A divorce is nothing short of easy. There are many issues that must be addressed throughout the process. One of the hardest ones is alimony. The purpose of alimony is to ensure that the dependent spouse can maintain a similar standard of living as an unmarried person as they did when they were married. New Jersey has recently changed their alimony laws to conform to all different familial situations. If you are going through a divorce, contact our experienced New Jersey divorce attorneys today to discuss your case.

What are the different types of alimony in New Jersey?

New Jersey’s alimony laws have drastically changed since 2014. The most significant change was the elimination of permanent alimony and replacement with 4 other structures of alimony. The new types of alimony are as follows:

  • Open durational alimony
  • Limited durational alimony
  • Rehabilitative alimony
  • Reimbursement alimony

If you have questions about which alimony structure fits best with your situation, contact Paris P. Eliades Law Firm, LLC for a consultation today.

What does the court consider when determining alimony?

There are many factors that New Jersey courts consider when determining alimony. Some of these factors are:

  • Need and ability of the parties to pay
  • Duration of the marriage
  • Age and health of the parties
  • Standard of living established during the marriage
  • Earning capacities and employability of the parties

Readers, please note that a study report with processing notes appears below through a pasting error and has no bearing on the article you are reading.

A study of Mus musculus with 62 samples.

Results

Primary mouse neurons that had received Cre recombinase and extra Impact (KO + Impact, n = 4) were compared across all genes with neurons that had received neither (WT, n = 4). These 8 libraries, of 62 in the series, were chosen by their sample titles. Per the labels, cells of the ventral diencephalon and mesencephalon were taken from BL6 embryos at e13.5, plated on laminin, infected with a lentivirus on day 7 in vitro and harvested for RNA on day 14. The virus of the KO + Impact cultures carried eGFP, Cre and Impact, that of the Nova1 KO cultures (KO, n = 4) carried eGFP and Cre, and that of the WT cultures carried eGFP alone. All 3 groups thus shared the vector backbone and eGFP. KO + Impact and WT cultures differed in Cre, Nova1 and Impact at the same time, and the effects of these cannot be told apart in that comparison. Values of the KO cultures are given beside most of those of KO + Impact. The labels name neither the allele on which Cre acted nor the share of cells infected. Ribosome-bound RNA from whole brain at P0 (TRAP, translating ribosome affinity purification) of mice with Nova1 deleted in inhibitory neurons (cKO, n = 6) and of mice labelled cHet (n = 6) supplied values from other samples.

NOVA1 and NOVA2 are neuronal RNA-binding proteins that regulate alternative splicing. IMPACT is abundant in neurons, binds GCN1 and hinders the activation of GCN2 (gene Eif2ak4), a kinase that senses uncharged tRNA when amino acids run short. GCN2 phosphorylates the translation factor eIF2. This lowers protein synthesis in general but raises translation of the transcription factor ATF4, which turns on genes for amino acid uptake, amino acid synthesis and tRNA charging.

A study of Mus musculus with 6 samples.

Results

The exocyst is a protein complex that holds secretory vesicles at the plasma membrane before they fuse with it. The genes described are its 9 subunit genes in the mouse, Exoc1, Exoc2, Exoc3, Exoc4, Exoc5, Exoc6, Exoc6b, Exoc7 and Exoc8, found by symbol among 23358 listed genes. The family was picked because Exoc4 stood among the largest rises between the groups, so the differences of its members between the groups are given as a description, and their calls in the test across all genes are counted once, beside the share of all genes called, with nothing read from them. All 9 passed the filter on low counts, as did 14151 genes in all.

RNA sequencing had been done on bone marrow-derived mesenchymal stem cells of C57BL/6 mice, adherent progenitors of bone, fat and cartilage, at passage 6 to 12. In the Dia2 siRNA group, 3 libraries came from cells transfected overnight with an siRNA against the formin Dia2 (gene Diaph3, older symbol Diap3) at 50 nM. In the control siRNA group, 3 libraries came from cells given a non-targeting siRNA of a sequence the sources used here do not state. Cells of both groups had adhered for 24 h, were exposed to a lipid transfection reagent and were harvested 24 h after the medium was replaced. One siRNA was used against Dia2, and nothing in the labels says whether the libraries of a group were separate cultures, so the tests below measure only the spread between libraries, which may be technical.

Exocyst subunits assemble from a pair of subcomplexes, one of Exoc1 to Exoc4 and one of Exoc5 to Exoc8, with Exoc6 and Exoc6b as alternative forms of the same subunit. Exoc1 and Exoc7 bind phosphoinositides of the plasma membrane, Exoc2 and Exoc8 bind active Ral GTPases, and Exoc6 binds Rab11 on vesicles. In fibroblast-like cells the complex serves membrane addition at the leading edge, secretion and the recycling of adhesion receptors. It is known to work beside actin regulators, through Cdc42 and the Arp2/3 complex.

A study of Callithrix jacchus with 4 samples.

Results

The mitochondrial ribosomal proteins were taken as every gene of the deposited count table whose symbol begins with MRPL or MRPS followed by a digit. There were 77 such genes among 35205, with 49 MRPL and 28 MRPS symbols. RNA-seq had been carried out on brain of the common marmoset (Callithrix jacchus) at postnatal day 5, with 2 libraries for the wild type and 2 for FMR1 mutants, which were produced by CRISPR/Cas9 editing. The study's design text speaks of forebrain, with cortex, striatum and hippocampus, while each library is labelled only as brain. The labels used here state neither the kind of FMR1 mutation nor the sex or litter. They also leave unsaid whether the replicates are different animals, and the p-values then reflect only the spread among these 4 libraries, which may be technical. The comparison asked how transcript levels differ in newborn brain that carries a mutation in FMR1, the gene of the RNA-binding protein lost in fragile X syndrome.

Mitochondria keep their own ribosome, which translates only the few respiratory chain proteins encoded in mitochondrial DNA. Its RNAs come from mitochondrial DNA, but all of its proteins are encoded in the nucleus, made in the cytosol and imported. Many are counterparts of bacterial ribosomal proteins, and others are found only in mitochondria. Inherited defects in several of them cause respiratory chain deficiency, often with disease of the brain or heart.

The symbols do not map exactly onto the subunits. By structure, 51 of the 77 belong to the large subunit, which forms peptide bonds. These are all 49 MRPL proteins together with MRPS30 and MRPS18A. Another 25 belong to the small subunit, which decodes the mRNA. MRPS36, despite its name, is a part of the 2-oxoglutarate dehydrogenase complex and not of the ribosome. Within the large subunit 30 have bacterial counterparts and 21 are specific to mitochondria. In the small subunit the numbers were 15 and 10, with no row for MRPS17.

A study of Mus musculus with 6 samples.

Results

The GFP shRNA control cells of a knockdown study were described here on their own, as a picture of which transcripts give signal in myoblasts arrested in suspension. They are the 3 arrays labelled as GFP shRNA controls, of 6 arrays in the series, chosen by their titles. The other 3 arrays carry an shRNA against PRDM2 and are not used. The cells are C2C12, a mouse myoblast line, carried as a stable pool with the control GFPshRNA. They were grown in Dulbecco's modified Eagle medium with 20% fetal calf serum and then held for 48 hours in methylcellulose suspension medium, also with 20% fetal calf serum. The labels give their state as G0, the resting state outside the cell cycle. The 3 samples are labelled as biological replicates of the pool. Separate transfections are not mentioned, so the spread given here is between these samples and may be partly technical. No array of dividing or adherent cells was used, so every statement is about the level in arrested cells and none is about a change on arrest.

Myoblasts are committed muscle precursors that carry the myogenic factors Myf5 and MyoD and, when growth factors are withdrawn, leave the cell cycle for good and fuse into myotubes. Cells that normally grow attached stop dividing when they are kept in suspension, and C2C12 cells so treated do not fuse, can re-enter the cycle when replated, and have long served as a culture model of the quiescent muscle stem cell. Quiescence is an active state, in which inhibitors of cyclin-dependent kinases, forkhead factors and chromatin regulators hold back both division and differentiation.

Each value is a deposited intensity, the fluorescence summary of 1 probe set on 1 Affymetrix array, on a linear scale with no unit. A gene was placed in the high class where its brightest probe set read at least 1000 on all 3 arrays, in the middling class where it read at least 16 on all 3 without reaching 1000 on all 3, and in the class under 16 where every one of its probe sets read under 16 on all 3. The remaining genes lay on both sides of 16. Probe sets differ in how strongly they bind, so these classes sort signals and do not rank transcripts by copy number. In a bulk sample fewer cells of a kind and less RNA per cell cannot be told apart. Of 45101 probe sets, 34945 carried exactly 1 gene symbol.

• Length of absence from the job market for the supported spouse
  • Parental responsibility for the children
  • Time and expenses necessary to re-enter the workforce
  • History of financial and non-financial contributions to the marriage
  • Equitable distribution of property
  • Income available

The statute directs that both parties are equally entitled to maintain a comparable lifestyle to that which was enjoyed during the marriage, with neither party having a greater entitlement.

Additionally, the abolition of permanent alimony from the law has now forced courts to consider the amount of pendente lite support paid by an obligor prior to the entry of the final judgment for divorce.

Furthermore, the length of the alimony term does not have to equal the length of the marriage. The court must consider the above factors when making alimony determinations.

The reformation of the alimony law in 2014 has given attorneys much clearer parameters when guiding clients through this process. If you have questions about alimony or the divorce process in general, it is in your best interest to contact an experienced divorce attorney at Paris P. Eliades Law Firm, LLC. We are here to help you through this overwhelming time.

Contact our Firm

We understand that those getting a divorce most likely have several questions regarding the weeks and months to come. Paris P. Eliades Law Firm, LLC is honored to serve the people of New Jersey, including Sparta, Sussex County, Morris County, Passaic County, and Bergen County with the quality legal services they deserve. If you are getting a divorce or have any other questions regarding divorce-related matters, please do not hesitate to contact our firm for a consultation today.